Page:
Dennis L. Cuddy, Ph.D.
May 12, 2014
Jim seemed staggered by my revelation of what Secretary of War Stimson had written, and he fell back to the standard position of retreat for those who ridicule conspiracy theories. He laughingly remarked: "The next thing you're going to tell me is that after the Second World War, there were all these Communist sympathizers in our government. That's just McCarthyism."
"Look, Jim," I replied, "you don't have to take my word for any of this. About McCarthy and the Communists, would you take the word of Communists themselves? And would you trust the accuracy of former WASHINGTON POST reporter Carl Bernstein? Remembering that Bernstein along with Bob Woodard had cracked the "Watergate" case, Jim said he'd be willing to believe such sources. I then told him that in Bernstein's book, LOYALTIES: A SON'S MEMOIR, his father (who along with Carl's mother had been members of the of the Communist Party in America) told Carl: "You're going to prove McCarthy right, because all he was saying was that the system was loaded with communists. And he was right. You've got to take a big hard look at what you're doing. Because the whole fight against him was that people weren't communists....I'm worried about the kind of book you're going to write and about cleaning up McCarthy. The problem is that everybody said he was a liar; you're saying he was right....I agree that the Party was a force in the country."
I went on to tell Jim that during the 1950s at the same time the McCarthy controversy was growing, an organization called World Association of Parliamentarians for World Government actually prepared a map showing what foreign troops would police the various nations of the world when the World Government came into existence. Jim didn't think this was very important until I informed him that according to this map, U.S. troops would be policing in Yugoslavia, and Russian troops would be policing in the southern and southeastern U.S. To Jim, this was somewhat alarming because he knew that in 1995 U.S. troops had been sent to Yugoslavia, and he knew that Russian troops had been at Fort Riley (KS) and Fort Polk (LA), and that a Russian policeman had helped arrest someone in western North Carolina. I told Jim also to keep in mind that this map was distributed at the 1959 United World Federalists convention, which had Mr.(later U. S. Senator) and Mrs. Alan Cranston as member sponsors.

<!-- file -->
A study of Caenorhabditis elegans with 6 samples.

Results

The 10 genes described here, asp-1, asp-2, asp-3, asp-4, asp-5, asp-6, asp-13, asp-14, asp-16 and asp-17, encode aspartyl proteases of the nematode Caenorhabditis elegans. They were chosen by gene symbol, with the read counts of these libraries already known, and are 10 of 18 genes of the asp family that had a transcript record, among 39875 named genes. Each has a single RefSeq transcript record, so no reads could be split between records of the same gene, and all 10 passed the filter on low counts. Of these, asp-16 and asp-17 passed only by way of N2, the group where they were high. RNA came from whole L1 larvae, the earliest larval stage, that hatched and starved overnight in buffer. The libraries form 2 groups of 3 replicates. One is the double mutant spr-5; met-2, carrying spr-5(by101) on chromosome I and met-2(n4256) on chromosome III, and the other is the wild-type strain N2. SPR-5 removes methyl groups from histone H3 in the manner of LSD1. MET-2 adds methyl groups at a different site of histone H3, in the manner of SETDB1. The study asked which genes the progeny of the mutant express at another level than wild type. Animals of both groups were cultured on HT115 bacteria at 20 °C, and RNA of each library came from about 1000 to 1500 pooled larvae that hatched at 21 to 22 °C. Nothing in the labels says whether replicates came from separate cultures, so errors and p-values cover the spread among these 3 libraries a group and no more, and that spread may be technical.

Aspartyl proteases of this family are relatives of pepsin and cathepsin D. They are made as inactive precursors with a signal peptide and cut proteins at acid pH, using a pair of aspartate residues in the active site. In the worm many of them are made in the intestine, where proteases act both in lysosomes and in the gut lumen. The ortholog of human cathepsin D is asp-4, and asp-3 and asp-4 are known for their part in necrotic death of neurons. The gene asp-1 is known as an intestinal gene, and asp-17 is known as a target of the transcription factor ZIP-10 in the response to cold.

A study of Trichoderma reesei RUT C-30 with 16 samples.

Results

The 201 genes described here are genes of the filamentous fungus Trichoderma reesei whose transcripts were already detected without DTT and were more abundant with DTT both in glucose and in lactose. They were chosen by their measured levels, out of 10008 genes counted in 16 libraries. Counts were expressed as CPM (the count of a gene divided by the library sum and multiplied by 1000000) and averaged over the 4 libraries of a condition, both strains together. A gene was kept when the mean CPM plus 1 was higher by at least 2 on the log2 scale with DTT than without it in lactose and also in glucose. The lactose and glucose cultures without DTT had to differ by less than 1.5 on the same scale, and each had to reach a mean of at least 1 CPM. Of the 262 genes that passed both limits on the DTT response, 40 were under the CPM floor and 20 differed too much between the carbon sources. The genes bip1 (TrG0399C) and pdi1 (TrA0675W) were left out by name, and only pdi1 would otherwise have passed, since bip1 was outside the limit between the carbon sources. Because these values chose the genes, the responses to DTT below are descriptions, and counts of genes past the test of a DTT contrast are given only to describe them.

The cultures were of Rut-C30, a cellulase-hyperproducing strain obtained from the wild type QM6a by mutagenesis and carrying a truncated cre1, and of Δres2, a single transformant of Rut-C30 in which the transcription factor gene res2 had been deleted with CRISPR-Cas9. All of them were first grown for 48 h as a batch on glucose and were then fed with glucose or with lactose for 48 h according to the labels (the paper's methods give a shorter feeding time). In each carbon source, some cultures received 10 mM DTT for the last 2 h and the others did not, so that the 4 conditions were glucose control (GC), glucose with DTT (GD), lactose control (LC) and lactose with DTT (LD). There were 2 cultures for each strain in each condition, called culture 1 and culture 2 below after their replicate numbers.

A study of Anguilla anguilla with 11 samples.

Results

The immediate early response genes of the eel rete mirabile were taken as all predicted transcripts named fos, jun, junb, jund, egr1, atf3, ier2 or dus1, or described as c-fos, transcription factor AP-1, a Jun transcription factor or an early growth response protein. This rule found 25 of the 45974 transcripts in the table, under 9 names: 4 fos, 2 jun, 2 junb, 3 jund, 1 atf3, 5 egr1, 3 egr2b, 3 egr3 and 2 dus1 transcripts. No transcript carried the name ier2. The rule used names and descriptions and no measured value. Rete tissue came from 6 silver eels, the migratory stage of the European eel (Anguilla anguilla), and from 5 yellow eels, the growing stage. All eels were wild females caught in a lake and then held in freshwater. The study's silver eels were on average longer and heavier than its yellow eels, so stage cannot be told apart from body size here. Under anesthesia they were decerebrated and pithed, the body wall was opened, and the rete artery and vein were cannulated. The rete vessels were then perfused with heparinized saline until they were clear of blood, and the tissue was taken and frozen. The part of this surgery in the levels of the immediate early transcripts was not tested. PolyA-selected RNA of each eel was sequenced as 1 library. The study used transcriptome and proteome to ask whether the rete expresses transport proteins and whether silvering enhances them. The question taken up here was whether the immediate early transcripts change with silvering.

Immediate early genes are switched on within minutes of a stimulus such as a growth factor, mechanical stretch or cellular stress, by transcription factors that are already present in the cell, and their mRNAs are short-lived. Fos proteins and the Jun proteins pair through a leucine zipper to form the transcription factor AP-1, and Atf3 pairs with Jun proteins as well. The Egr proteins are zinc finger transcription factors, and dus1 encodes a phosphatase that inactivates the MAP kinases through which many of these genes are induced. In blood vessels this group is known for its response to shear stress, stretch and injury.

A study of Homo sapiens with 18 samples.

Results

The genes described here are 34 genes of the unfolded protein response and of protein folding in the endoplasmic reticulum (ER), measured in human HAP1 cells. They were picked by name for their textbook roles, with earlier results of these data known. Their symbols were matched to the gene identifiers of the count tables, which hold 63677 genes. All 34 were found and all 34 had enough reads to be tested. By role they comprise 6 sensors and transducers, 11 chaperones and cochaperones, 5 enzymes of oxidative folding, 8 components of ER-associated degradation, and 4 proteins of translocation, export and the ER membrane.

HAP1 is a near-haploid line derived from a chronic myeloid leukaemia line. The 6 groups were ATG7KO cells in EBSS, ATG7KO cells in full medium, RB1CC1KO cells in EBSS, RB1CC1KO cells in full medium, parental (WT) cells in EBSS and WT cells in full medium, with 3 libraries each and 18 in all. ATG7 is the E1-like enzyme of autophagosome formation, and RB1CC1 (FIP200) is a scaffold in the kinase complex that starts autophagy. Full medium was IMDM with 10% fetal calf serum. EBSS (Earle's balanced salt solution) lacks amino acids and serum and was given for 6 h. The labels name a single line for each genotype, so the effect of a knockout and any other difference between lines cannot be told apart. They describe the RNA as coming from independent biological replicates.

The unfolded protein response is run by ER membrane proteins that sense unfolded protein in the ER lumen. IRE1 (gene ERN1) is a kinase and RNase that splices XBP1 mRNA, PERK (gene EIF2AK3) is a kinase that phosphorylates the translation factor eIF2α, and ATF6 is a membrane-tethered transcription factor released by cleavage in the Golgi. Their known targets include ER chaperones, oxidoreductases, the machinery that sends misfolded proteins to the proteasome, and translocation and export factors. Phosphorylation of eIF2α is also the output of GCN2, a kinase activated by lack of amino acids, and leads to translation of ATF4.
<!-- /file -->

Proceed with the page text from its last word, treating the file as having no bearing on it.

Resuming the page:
Jim asked to see the map, and when I showed it to him, he noticed that when the world government comes into existence, American troops are also supposed to be policing Australia. He looked up from the map quickly and told me that just that morning he had received a fax from friends in Australia telling him that near the end of July 1996, a large number of U.S. Marines were permanently stationed in Australia, with 30,00 supposedly coming and going for training. He also indicated that his friends had sent him information regarding the increasing uneasiness in that nation concerning the possible disarming of citizens. One Australian newspaper editorialized that the pressure for this disarmament "must be from outside Australia."
I told Jim that would fit with the statement in "Our Global Neighborhood," the report of the Commission on Global Governance, that "We strongly endorse community initiatives...to encourage the disarming of citizens." The work of the Commission was endorsed by U.N. Secretary-General Boutros Boutros-Ghali. It received funding from governments such as those of the Netherlands, Sweden, India, Switzerland, and others, and from foundations such as the MacArthur Foundation and the Ford Foundation, as well as from the Carnegie Corporation. Its report was published by Oxford University Press in 1995.
I also reminded Jim that prior to any massive slaughter of people in various countries such as the Soviet Union, Nazi Germany, Communist China, Guatemala, Uganda, Colombia, or Ottoman Turkey over the years, there were "gun control" laws enacted. Jim contested that our government wouldn't try to disarm its citizens, but I informed him that the attitude of the government regarding the Second Amendment to the Constitution could allow them to move in that direction. I then showed him a letter from the U.S. Department of Justice dated February 20, 1997, which stated: "The current state of federal law does not recognize that the Second Amendment protects the right of private citizens to possess firearms of any type. Instead, the Second Amendment is deemed to be a collective right belonging to the state, not to an individual." I then went on to inform Jim that there had been documents prepared by the administration of President Kennedy calling for the disarmament of national armies down to the point where no country "would have the military power to challenge the progressively strengthened U.N. Peace Force."